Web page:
Editor’s Note: This is the first of a two part series about a self-guided snowmobiling adventure spanning three states including the mountainous regions of Idaho, Montana and Wyoming. The final day the group of Howard County residents would take in a 120 mile guided ride through Yellowstone National Park.
Sometimes, when the late winter doldrums tighten its grip the best thing to do is face what ails you. “You guys want to snowmobile Yellowstone National Park?” asked Corey Fields. At first I thought he was pulling our leg, seeing the flagship of our national park system from the seat of a Skidoo. “Count me in!” I said emphatically, without giving it another thought. Two other friends, Craig Arvin and Greg Davis quickly followed suit.
Our wives, Deanna Fields, Amy Davis, Michelle Arvin and Peggy Martino would also take part in the trip. Normally preferring beach scenery, they would forego sand and sunshine for snow and lots of it. Fields’ brother, Michael, a resident of the Cowboy state, and his son Blake, age 11, would also meet us there for a one day.
Fields explained the trip would consist of three full days of riding. The first two would be on our own, riding hundreds of miles on mountainous public trails that span the states of Idaho, Montana and Wyoming. The final day we would take a private tour of Yellowstone National Park.
Here’s the great thing, almost anyone can do it, even first timers, regardless of age or experience. Getting a guide for instruction and also escort you on public land tours are numerous and can be provided through the same business where you rent your machine. They are all very accommodating. To me there is nothing more exciting than seeing the remarkable landscape certain parts of the country has to offer from the seat of a sled. And if snowmobiling isn’t your thing, winter scenic tours of our first national park can be taken from the comforts of a readily available, heated snowcoach.
We were giddy with excitement as our trip began by flying from Indianapolis to Denver then on to Idaho Falls where we rented a van. From there we drove two hours north to the historic town of West Yellowstone. During winter this quaint little city is a hub for outdoor activities.
Finding businesses renting snowmobiles are plentiful. Although there are many, we utilized the services of Three Bear Lodge. They offer touring snowmobiles made for one or two passengers. They also have single passenger and even high performance, long track, mountain snowmobiles for the more adventurous (and skilled.) Don’t worry about outerwear either. Almost every place can provide cold weather clothing needed to stay comfortable in sub-freezing temperatures.
Early the next morning, after picking up our machines, the group of us began exploring the extensive network of beautiful back country trails, spanning hundreds of miles through the peaks and canyons of the Rocky Mountains. Even though these paths are outside of the park, they are still part of the Greater Yellowstone ecosystem, the largest intact ecosystem in North America.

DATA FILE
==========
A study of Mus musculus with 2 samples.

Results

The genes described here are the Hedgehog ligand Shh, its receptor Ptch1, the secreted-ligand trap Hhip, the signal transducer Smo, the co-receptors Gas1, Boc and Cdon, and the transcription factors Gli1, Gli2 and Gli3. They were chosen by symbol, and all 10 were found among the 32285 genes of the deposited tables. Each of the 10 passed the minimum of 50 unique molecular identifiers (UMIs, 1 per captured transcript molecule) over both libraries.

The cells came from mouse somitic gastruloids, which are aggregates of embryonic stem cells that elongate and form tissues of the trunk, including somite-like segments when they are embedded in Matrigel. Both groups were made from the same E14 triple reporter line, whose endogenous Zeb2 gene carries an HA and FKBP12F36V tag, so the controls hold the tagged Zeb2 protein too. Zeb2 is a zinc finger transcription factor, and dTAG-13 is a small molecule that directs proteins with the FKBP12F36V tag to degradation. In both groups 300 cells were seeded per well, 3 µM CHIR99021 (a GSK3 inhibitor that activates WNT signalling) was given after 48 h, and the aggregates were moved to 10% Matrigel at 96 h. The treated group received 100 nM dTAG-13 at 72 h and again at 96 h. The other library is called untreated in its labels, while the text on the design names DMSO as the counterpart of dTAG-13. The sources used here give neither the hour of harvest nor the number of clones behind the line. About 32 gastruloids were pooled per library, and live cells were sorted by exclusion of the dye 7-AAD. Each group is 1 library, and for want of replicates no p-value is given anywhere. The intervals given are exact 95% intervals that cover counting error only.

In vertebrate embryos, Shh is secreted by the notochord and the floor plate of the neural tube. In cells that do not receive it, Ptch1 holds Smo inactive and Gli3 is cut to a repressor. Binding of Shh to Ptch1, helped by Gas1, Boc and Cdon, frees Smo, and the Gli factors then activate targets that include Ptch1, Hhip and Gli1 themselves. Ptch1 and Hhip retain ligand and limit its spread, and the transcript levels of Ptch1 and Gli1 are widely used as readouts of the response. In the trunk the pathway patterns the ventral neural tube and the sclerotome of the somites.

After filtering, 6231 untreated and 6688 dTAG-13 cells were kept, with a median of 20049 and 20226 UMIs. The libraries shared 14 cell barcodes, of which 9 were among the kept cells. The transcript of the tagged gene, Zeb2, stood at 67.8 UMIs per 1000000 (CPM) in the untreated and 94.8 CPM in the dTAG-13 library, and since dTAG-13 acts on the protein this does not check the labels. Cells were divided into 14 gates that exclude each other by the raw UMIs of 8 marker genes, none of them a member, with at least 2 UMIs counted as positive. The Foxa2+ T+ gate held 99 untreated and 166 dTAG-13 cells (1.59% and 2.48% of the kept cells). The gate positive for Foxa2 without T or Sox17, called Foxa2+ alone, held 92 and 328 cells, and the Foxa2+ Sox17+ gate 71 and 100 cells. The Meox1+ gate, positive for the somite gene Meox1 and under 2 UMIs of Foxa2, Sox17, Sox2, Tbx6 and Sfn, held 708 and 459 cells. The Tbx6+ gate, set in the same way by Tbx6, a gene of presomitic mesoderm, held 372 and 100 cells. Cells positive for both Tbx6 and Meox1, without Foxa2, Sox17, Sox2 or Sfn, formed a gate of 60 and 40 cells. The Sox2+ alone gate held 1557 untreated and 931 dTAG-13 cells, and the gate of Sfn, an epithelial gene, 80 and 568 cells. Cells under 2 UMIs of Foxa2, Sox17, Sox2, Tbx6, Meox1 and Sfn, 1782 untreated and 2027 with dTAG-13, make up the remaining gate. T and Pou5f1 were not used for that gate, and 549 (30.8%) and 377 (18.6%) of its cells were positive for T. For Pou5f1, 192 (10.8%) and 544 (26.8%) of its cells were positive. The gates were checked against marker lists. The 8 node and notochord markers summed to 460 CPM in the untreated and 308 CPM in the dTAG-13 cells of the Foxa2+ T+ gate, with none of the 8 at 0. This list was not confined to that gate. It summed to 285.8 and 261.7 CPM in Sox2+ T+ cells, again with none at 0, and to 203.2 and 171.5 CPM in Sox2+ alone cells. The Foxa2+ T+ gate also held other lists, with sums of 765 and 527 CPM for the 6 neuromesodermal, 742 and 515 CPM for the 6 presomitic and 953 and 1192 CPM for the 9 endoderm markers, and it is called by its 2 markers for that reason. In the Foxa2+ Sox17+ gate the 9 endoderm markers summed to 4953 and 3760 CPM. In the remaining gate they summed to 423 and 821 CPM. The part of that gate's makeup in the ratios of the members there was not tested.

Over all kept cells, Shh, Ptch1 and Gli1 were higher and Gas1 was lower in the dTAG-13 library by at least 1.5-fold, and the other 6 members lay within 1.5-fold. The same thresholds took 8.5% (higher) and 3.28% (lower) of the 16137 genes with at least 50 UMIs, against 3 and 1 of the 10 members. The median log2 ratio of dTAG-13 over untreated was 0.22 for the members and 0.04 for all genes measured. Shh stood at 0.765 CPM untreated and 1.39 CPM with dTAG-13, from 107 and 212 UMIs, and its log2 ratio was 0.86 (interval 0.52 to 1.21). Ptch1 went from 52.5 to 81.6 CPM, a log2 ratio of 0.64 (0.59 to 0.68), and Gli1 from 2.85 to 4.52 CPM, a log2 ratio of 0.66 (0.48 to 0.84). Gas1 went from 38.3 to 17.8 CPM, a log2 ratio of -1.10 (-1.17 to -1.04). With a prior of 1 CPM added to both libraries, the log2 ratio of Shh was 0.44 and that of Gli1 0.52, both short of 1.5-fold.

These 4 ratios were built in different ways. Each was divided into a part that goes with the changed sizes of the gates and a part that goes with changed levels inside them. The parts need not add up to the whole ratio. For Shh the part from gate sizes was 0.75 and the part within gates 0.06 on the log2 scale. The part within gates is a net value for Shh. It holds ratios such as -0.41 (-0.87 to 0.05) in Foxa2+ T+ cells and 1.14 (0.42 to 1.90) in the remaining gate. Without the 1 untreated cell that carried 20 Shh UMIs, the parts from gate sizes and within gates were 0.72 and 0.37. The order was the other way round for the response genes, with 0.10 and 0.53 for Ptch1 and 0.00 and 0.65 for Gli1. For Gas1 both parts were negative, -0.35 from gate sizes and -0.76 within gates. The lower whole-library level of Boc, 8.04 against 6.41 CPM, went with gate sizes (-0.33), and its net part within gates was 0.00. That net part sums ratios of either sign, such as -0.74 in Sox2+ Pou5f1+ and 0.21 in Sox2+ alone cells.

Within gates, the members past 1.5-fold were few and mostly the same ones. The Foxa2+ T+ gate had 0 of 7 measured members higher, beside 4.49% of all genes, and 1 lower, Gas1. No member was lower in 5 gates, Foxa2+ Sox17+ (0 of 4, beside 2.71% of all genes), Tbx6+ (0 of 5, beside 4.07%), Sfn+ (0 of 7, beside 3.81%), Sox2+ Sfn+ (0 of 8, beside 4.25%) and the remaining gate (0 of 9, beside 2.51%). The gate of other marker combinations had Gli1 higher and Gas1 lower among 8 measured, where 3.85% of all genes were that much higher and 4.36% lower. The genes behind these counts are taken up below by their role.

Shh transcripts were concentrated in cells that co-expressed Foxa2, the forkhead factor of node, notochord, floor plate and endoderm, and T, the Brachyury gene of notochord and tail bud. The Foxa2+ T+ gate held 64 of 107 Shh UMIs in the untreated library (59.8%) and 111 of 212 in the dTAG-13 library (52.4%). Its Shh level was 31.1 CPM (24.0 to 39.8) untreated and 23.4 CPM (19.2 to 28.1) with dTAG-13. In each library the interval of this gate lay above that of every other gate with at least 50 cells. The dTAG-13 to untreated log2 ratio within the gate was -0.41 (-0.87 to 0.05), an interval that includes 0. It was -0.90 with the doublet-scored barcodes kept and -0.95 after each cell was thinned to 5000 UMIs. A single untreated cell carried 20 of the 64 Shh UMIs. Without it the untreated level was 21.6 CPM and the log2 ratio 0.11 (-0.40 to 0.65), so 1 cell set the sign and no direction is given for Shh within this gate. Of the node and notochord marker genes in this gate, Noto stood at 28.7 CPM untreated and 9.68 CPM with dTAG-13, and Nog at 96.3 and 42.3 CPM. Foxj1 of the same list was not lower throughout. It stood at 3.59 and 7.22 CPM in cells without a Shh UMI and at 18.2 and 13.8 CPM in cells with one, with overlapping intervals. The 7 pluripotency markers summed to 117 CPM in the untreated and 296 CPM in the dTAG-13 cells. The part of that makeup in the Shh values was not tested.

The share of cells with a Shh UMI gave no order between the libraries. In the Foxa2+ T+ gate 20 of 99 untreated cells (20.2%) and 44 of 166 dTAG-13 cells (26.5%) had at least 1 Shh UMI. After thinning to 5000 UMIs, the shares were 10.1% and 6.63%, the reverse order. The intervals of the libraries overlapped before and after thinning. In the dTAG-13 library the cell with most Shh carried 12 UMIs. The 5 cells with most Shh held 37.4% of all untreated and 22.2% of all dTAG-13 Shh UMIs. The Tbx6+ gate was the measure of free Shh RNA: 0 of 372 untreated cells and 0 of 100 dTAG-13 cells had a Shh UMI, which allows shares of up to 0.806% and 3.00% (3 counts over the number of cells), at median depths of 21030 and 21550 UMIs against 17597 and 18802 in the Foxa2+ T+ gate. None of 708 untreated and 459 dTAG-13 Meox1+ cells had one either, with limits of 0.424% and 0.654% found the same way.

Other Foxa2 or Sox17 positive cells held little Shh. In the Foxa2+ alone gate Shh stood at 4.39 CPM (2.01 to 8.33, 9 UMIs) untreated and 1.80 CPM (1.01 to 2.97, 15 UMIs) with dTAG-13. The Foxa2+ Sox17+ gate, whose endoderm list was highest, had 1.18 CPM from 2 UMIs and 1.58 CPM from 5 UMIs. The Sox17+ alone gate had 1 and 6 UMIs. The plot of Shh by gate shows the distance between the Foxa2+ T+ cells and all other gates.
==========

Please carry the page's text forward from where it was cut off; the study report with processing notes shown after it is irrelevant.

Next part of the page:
Almost every turn provided a cinematic expanse of beauty where several mountain ranges, including the towering Grand Tetons, could be viewed at the same time. Most trails are marked but you still need a map and GPS and know how to use them if venturing too far. Arvin and Fields did a great job keeping track of our location, most of the time anyway. I on the other hand was overcome by the spectacular scenery, from snow covered valleys, canyons and passes to soaring peaks reaching for the sky.
We continued to climb in elevation eventually reaching the summit of Two-Top Mountain where we were greeted with strong winds and whiteout. Following trail markers, one at a time, we slowly picked our way down the slope and back into the timber where conditions were much better.
After crossing the Continental Divide we followed the famed Henry’s Fork River, a tributary of the Snake River. Locals call it the Ribbon of Untamed Water. We stopped to view the Upper and Lower Mesa Falls. Dropping 114 feet the huge cascade of water is the last on the Snake River Drainage to resist any type of human control.
It was here we met Redge Smith. At the age of 71 he’s an area farmer and also works for the Idaho Department of Parks where he manages a warming cabin for adventurous winter travelers. “I’m still trying to figure out what I want to do when I grow up,” he said with a laugh. Only accessible by snow machine he provides those making it to the scenic site with a place to relax by a warm fire and enjoy a cup of hot chocolate. Tall and raw-boned he was as tough as the country he lives in. He explained how his family moved to the backcountry in 1884. Since then he has carved out land to farm and raise several generations of family.
After enjoying the natural beauty of the Mesa Falls area we continued for several more hours, eventually reaching the southwest corner of Yellowstone National Park. Anyone entering the park must be accompanied by a licensed guide. This is the only area where visitors are permitted to “sneak in the back door” for a few miles to view the park’s Cave Falls. It is the widest, spanning 250 feet. It gets its name from the large cave located adjacent to the river and is a popular tourist attraction in warmer months.
The public snowmobiling opportunities in this tri-state area are some of the best in the nation. Abundant natural snowfall and jaw-dropping scenery provide a backdrop hard to describe. We all agreed this kind of trip provided non-stop exhilaration and a sense of complete freedom.